2021-22 Global Change Fellow

PhD student, Applied Ecology
Advisor: Dr. Skylar Hopkins
Every year the Southeast Climate Adaptation Science Center funds a multi-disciplinary cohort of Global Change Fellows representing colleges across NC State University. The current cohort of students represents the decadal anniversary of this program! Here are some highlights about 2021-22 Fellow, Alexandria Nelson and the applied research she’s conducting.

About You

What do you study?
I study parasite ecology. I am broadly interested in understanding host-parasite interactions, parasite-parasite interactions, and mapping of parasite life cycles. For my dissertation I am exploring how parasite communities in amphibians and reptiles are shifting due to global change. I am also developing techniques to facilitate the use of parasites as bioindicators of overall ecosystem health. My work includes identifying parasite species through DNA sequencing and eDNA.
What (or who) influenced you to go into this field of study?
I never expected to become a parasitologist, but I’ve always had a passion for marine biology. As an undergraduate student I answered an ad posting to take care of live fish, which happened to be for a parasitology laboratory. As I began taking on additional responsibilities in the lab I learned more about parasite life histories, and I came to the realization that parasitology has almost endless opportunities and applications in ecology. Through my understanding of parasite ecology, I have the freedom to study almost any organism, which is ultimately what inspired me to pursue parasitology as a career.
What do you think is the most pressing issue related to global change?
Parasites are often ignored in ecology, which is a problem because they are incredibly useful for understanding global change. Parasites can tell us about host migrations, host biodiversity, presence of invasive species, food web degradation, and overall ecosystem health. If more climate biologists incorporated parasites into their work, we’d have a more complete picture of what’s happening around the world with climate change.

About Your Research

Who will benefit from your research?
I hope that my dissertation will be useful to ecologists and conservationists that are interested in understanding impacts on ecosystems due to global change. I think land managers and policymakers that are invested in monitoring endangered or difficult-to-find species may also benefit from my research. I’m working with charismatic snake and turtle species, so I hope to produce science communication projects that engage the public and young aspiring biologists.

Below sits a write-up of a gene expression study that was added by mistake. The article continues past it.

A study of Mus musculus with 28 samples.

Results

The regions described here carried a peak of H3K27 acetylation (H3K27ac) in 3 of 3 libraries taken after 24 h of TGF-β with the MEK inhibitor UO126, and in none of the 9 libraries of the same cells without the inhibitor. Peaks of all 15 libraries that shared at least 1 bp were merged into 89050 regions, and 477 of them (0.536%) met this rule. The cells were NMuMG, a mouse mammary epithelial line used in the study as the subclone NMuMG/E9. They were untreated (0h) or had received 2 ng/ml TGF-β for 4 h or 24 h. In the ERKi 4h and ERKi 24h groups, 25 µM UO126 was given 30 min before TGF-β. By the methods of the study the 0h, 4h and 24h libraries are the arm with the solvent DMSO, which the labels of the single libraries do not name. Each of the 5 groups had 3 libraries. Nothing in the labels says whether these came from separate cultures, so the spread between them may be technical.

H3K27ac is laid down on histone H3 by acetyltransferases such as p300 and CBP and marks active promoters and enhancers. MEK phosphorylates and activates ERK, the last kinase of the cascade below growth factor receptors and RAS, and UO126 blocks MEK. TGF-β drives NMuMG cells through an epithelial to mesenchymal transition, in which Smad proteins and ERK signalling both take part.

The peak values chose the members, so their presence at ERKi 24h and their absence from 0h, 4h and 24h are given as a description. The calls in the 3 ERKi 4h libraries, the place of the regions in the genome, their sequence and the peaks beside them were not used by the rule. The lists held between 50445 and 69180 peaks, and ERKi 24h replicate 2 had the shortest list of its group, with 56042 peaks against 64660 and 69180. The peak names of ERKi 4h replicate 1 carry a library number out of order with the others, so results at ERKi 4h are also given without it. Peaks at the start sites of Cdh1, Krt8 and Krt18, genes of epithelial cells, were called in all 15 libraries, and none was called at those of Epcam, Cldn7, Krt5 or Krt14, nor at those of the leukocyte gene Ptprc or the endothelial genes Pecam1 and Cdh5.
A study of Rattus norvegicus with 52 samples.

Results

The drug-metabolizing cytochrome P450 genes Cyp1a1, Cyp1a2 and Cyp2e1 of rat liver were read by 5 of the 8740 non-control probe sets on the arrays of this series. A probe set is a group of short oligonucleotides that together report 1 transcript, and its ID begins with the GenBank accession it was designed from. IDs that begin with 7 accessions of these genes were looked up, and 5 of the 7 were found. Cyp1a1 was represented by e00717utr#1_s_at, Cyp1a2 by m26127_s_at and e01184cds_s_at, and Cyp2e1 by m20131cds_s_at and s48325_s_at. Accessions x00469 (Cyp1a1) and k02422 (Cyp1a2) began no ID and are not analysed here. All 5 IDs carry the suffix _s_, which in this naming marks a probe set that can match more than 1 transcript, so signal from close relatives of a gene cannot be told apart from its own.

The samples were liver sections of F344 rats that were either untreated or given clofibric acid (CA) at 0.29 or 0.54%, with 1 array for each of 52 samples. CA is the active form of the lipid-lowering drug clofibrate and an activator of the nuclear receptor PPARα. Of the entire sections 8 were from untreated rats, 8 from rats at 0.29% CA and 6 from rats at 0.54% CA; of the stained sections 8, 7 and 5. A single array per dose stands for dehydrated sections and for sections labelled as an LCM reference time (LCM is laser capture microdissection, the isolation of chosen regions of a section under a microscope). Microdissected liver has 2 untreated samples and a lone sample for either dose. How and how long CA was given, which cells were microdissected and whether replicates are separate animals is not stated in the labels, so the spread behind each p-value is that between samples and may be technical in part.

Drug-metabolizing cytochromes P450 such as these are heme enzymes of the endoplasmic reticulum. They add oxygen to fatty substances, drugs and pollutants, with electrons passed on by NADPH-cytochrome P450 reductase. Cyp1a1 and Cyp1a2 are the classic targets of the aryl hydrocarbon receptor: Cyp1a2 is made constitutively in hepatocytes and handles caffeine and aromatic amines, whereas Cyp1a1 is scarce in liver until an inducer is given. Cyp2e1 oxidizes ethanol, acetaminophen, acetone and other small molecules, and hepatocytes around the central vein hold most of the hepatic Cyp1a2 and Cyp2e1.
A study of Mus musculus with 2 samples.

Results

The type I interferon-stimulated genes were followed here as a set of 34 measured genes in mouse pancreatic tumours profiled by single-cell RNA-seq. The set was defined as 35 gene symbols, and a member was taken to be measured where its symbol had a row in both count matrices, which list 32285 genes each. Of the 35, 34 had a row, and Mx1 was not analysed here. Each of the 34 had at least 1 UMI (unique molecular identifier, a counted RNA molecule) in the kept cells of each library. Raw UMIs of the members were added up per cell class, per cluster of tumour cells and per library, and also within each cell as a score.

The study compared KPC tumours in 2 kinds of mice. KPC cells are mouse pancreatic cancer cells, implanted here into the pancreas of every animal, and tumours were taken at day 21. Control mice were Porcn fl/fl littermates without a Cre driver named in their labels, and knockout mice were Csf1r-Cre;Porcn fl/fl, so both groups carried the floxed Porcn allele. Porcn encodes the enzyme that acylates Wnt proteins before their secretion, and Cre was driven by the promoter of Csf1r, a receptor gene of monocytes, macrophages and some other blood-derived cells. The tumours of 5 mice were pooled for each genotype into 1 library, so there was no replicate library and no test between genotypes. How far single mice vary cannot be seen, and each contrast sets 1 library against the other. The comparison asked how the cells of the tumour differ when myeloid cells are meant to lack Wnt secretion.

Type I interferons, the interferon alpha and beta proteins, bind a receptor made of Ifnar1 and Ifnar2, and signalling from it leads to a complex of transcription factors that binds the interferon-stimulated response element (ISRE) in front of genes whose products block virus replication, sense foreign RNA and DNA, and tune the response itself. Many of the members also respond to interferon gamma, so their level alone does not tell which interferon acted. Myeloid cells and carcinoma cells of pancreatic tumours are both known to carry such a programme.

How would you describe your research to a 10th grader?
I work with parasites as tools to monitor difficult-to-find animals. For example, trematodes are parasites that usually infect three host species throughout their life cycle. Here in North Carolina, there are trematodes that infect snails as a first intermediate host, frogs as a second intermediate host, and snakes as a final host. These trematodes cannot survive in the environment unless all three types of hosts are present. Therefore, if we find those trematodes infecting snails in a certain lake, we know that frogs and snakes must live around that lake too.
How would you describe your research to an expert in another scientific field?
I study the use of complex life cycle parasites as bioindicators of cryptic host species diversity and overall ecosystem health. By sampling larval trematode parasites in common freshwater and coastal first intermediate host snail species, I can make inferences about the presence of second intermediate and final host reptiles and amphibians without needing to destructively sample them. This is useful for endangered host species, like diamondback terrapins, or host species that are difficult to monitor due to their cryptic nature, like rainbow snakes. This type of work requires an understanding of individual parasite species’ life cycles, so I perform DNA sequencing on the trematodes I collect to connect parasite larval stages to parasite adults of the same species. To combat the cost and time required to perform snail surveys, I am also working to develop faster, cheaper eDNA monitoring techniques to detect larval parasites in water bodies.

About Your Global Change Fellow Experience

What advice would you give to a student that is interested in getting involved in your field?
Be open to new project ideas and collaboration! It’s possible that something you will feel passionate about in the future is something you haven’t discovered yet.
What has been the most rewarding part of being a Global Change Fellow?
The most rewarding part of being a Global Change Fellow has been starting off my PhD experience with a close-knit cohort and supportive SE CASC staff. I feel more connected to my peers and to NC State because I am a part of the Global Change Fellow program. I’ve learned so much about the other departments within NC State and other people’s research because of the interdisciplinary nature of the program. This is the first time that I’ve lived across the country from my family but transitioning to this new environment as a Global Change Fellow has made me feel much more at home.
What advice would you give to an incoming Global Change Fellow to get the most out of their experience?
Embrace the interdisciplinary nature of the program. In graduate school it’s easy to feel isolated because the majority of the work that you do and the people that you interact with will be within your own department. Interacting with students from other disciplines has opened me up to new perspectives that I wouldn’t have otherwise experienced. As an ecologist, I feel like I’ve learned the most from the Global Change seminars centered around journalism, history, and tribal relations.